Sunday, June 20, 2010

Lucas County Cooperative Creamery

From the History of Lucas County 1978 book


Early in 1930 a group of Lucas County cream producers got together and promoted a cooperative creamery.  They held meetings and formed an association.  They made a drive to raise funds which was done by many people making pledges which when paid were loans drawing 6% interest.  The total cost of the building, the necessary machinery and equipment was $22,500.  They were ready to start operating in the fall of 1930.  Cream routes were established and work began.

A contest was held to give the butter a name "Pound o' Gold" was decided on.

A check-off of one cent per pound of butterfat was made and put into a revolving fund.  This fund was used only to repay loans that had been made to build the creamery.  These loans had been numbered as they were made and when paid off from the revolving fund, they were paid by number.  When all the original loans were paid off, the creamery became the property of the patrons.  When the patrons delivered butterfat to the amount of 1000 pounds a certificate of indebtedness was issued in ten-dollar amounts.  These were also numbered.  When all original debts were paid the old certificates were paid off beginning with Number 1.  Thus the ownership was constantly revolving.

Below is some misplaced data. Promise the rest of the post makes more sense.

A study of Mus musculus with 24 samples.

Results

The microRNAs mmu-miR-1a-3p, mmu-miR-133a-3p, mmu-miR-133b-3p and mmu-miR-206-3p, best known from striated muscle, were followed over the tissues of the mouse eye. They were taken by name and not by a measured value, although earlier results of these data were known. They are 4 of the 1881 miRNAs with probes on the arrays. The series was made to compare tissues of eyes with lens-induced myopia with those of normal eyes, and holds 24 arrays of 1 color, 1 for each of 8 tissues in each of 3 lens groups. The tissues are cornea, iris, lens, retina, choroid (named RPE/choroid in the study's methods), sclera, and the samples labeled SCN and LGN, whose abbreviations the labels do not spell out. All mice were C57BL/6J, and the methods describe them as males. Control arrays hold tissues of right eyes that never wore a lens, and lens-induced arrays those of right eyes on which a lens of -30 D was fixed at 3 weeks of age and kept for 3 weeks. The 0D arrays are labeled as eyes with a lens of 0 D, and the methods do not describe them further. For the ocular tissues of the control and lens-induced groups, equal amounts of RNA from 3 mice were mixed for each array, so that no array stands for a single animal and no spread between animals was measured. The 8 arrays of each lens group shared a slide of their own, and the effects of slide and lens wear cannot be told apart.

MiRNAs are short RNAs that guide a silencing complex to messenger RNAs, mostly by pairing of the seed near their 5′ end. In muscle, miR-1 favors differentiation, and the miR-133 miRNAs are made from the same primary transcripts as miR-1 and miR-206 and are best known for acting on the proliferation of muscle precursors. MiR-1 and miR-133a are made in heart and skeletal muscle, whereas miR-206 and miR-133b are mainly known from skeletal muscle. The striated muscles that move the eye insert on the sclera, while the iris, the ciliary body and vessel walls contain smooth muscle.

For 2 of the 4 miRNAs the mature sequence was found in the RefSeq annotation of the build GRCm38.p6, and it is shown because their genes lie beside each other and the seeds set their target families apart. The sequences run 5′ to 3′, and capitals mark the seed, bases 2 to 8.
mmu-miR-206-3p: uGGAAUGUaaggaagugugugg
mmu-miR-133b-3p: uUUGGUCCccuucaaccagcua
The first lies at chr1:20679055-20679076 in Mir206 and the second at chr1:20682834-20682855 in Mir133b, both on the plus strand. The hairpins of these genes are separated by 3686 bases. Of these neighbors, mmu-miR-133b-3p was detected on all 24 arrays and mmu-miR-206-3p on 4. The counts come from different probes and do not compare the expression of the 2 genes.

The creamery was a success from the start.  It reached a production of one and a half million pounds of butter in 1962.  Butter was shipped to many destinations - two of the distant buyers were J.R. Cramer, and Zenith and Godley in New York.

Raymond Pim was the first president of the Lucas County Cooperative Creamery.  The first board of Directors included Burns Byrum, Tod Mauk, Andy Morrett, Paul Milnes and Charlie Wright.

The first creamery manager was Fred Carolus.  Later J.D. Fiete followed by Judson Burtch and the last one was Percy Ostrum.

Elmer Poush brought the first load of cream to the new creamery.  Every year following, and on the anniversary date, he sent the creamery a large bouquet of flowers.  Other cream haulers were Charley Hamilton, Earl Auxier, J.L. Hamilton, Clarence Foote, Paul Wright, Bill Agan, Burke Milnes, Hazel Morton, Troy Irving, Ivan Sullivan, Abe Throckmorton, Clarence Ansley, Russell Davis, Charles Best, Paul Robison, Walter Cain, Jack Kunch, Homer Chapman, David Pardoe, and Walton Cain.